Consider this hypothetical scenario: Bob and Alice are playing a game of . It's normal game play at first, as, say, Filigree robots from Kaladesh face off against werewolves and vampires from Innistrad. But then Alice draws the right card from her customized deck, and suddenly Bob finds himself caught in the equivalent of a Turing machine, the famed abstract device that can simulate any computer algorithm.
Thanks to the peculiarities of the rules of , Bob can now only finish the game when he meets whatever condition Alice has programmed her in-game algorithm to accomplish—for example, to find a pair of twin primes greater than one million.
It may be a highly unlikely scenario, but a recent paper posted on the physics arXiv proves that it's possible in principle to build a simple computer within this massively popular tabletop game using just the right combination of cards. While the inputs must be pre-programmed, "Literally any function that can be computed by any computer can be computed within a game of ," said co-author Alex Churchill, a longtime fan who has been working on the problem for several years.
Furthermore, he and his co-authors—Stella Biderman of the Georgia Institute of Technology and Austin Herrick of the University of Pennsylvania—have concluded that might be as computationally complex as it's possible for any tabletop game to be. In other words, "This is the first result showing that there exists a real-world game [of ] for which determining the winning strategy is non-computable," the authors write.
A touch of
For the uninitiated, is a tabletop trading card game, invented in 1993 by mathematician Richard Garfield while he was completing his PhD. Players can build customized decks of 60 cards chosen from the massive collection available. They then use those cards to cast spells, use artifacts, and summon various magical creatures to defeat their opponents by draining them of "life points."
shares some thematic similarities to tabletop games like Dungeons and Dragons—except, of course, relies on of cards (some 20 billion cards were produced between 2008 and 2016 alone) and a dizzying array of rules governing game play. The authors of this latest paper prefer to think of it as a "two-player, zero-sum stochastic card game with imperfect information, putting it in the same category as games like poker and hearts."
Based in Cambridge, England, Churchill is a software engineer by day and an avid designer of games on the side. He grew up playing canasta, bridge, mahjong, and Scrabble, among others, and has well over 250 board games on his home shelves. He first discovered while at college some 20 years ago. He's been an avid player ever since, one of the more than 20 million ardent players drawn to the expansive world-building within the game. (It's so popular that regular World Cup competitions have been held; as you'll see below, Ars UK attended the 2016 edition in Barcelona.)
"It's so many things to so many people," Churchill said of the game's enduring appeal. "Some people love to play to prove themselves the best; some love to play as a social experience; some love to play the game for the swinging with giant dragons and angels. It's got a vast amount of lore and storyline, and the artwork is incredible." It's the creative element of building one's own deck that most appeals to Churchill. "There's a lot of strategic and tactical depth, of course, but there's also a self-expression element in choosing which cards to put together," he said.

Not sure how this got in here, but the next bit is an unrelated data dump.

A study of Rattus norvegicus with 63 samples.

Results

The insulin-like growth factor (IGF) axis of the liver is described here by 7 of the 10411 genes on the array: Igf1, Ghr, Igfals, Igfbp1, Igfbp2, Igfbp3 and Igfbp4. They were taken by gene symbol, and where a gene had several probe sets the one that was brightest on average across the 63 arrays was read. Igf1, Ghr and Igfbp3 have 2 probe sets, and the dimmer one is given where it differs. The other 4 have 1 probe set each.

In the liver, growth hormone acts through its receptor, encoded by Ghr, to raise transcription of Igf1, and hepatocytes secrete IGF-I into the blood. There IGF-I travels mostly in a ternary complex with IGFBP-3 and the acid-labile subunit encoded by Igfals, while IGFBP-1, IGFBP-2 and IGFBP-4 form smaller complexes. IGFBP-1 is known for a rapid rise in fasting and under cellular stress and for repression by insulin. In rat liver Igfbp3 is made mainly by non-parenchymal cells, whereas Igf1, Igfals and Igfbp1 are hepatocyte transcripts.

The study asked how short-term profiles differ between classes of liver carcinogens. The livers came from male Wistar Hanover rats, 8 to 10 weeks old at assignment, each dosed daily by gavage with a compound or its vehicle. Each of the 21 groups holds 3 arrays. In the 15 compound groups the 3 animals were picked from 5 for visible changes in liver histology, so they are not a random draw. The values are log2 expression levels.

Churchill proposed the possibility of assembling a universal Turing machine from cards several years ago as a means of proving that the game is "Turing complete." (You can read all the gory detailsat his website.) This latest work is a culmination of those earlier findings.
First proposed by Alan Turing in the 1930s, a Turing machine is an abstract concept, as opposed to a physical object, that laid the conceptual groundwork for the invention of the modern computer and basic programming techniques. As Matt Ford wrote for Ars back in 2007,
Turing machines are simple logic devices that can be made to simulate the logic of any standard computer that could be constructed. They consist of an infinite number of cells on a tape (the memory) and an active cell that is referred to as the "head." Each cell can be one of a set number of colors, and the head can have a fixed number of states. A set of rules determine how the combination of cell color and head state dictates what color should be written to the tape, what state the head should be placed in, and what direction it should move (left or right).
A universal Turing machine is one capable of running any algorithm, while "Turing completeness" is a term "used to indicate that a system has a particular degree of complexity," said Churchill. "Any Turing-complete system is theoretically able to emulate any other." Being able to determine whether a given problem can be solved in principle is a key task in computer science. If is Turing complete, then there should exist within the game a scenario where it's impossible to determine a winning strategy—equivalent to the famous "halting problem" in computer science.
One way to demonstrate that a system is Turing complete is to create a Turing machine within it, and that's just what Churchill have done with their work. There are three fundamental elements needed: a tape that encodes the computation; a controller to determine what action to take next based on the current state of play; and a read/write head under the control of the controller.